Amazon unveils slimmer Kindle reader

February 11, 2009 - 0:0

The world's largest Web retailer, which began as an online seller of physical books, has steadily beefed up its digital offerings -- with the Kindle drawing the most attention.

“Our vision is every book ever printed, in every language -- all available in less than 60 seconds,” said Amazon Chief Executive Jeff Bezos, speaking to an audience of about 300 at New York City's Morgan Library.
But the company gave no international roll-out plan and did not disclose how many Kindle 1 units were sold, nor how many of the new versions will be available for preorder.
The company may not want to push the Kindle too quickly so it can preserve a much higher revenue base from printed books and avoid direct competition with widely popular multimedia devices like Apple Inc's iPhone, analysts say.
Unlike the iPhone which plays music and videos, Amazon says the Kindle is primarily meant to be a reading device.
Bernstein Research analyst Jeffrey Lindsay said the new Kindle was an improvement, but its price showed Amazon was not moving aggressively to bring it to the masses.
“Really we don't see them as having taken the device to the next level,” he said. “We think it's an incremental step of improvements. They're advancing very conservatively.”
The device is a tiny part of Amazon's web retail business, but attracts out-sized interest from investors and analysts as a potential source of new growth.
“It's still little threat to Apple's iPhone and iPod touch, or future Apple Internet tablets; or so-called netbooks -- inexpensive, lightweight laptops from PC makers like Dell and Acer,” wrote Dan Frommer on
While the previous Kindle could store more than 200 titles, the new version holds more than 1,500 and includes a feature that reads text aloud to users, Amazon said. Also on Monday, Amazon said Stephen King, the best-selling author of horror stories, will release a novella, “Ur,” exclusively on Kindle.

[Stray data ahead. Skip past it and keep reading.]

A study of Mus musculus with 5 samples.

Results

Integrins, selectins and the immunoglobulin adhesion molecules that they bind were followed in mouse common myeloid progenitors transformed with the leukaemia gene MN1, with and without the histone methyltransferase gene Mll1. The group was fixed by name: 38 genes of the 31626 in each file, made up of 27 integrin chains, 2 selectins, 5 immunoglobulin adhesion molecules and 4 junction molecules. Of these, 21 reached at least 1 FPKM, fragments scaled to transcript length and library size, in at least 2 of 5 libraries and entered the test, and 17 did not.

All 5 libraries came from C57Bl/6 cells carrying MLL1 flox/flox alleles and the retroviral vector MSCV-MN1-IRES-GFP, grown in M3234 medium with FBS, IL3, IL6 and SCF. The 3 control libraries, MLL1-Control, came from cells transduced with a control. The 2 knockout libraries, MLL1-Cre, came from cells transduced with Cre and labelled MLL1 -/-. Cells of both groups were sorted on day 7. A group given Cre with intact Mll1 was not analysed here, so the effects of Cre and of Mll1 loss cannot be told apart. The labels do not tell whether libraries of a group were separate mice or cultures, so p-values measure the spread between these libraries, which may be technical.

Customers awaiting their first versions on back-order will be automatically upgraded to the new Kindle, Amazon said.
First launched by the Seattle-based company in November 2007, the Kindle allows users to read books and newspapers wirelessly on a device weighing less than a typical paperback.
It took sales from Sony Corp, whose Sony Reader beat Amazon to market, and Amazon touted its existing ties with book publishers. Most bestsellers cost $9.99 on the Kindle and newspapers and blogs are also available.
The latest model of the Sony Reader retails for $399 and holds about 350 digital books. Its non-wireless device -- a wireless version is in the works -- has a touchscreen, unlike Amazon, allows sharing with PCs, highlighting and annotating.
Some 100,000 titles are available through Sony's eBook store, and Sony allows users to check out books from public libraries and read them on the device.
Kindle users had criticized its clunky design and complained about the placement of its buttons, lack of backlighting, slow page turns and high price.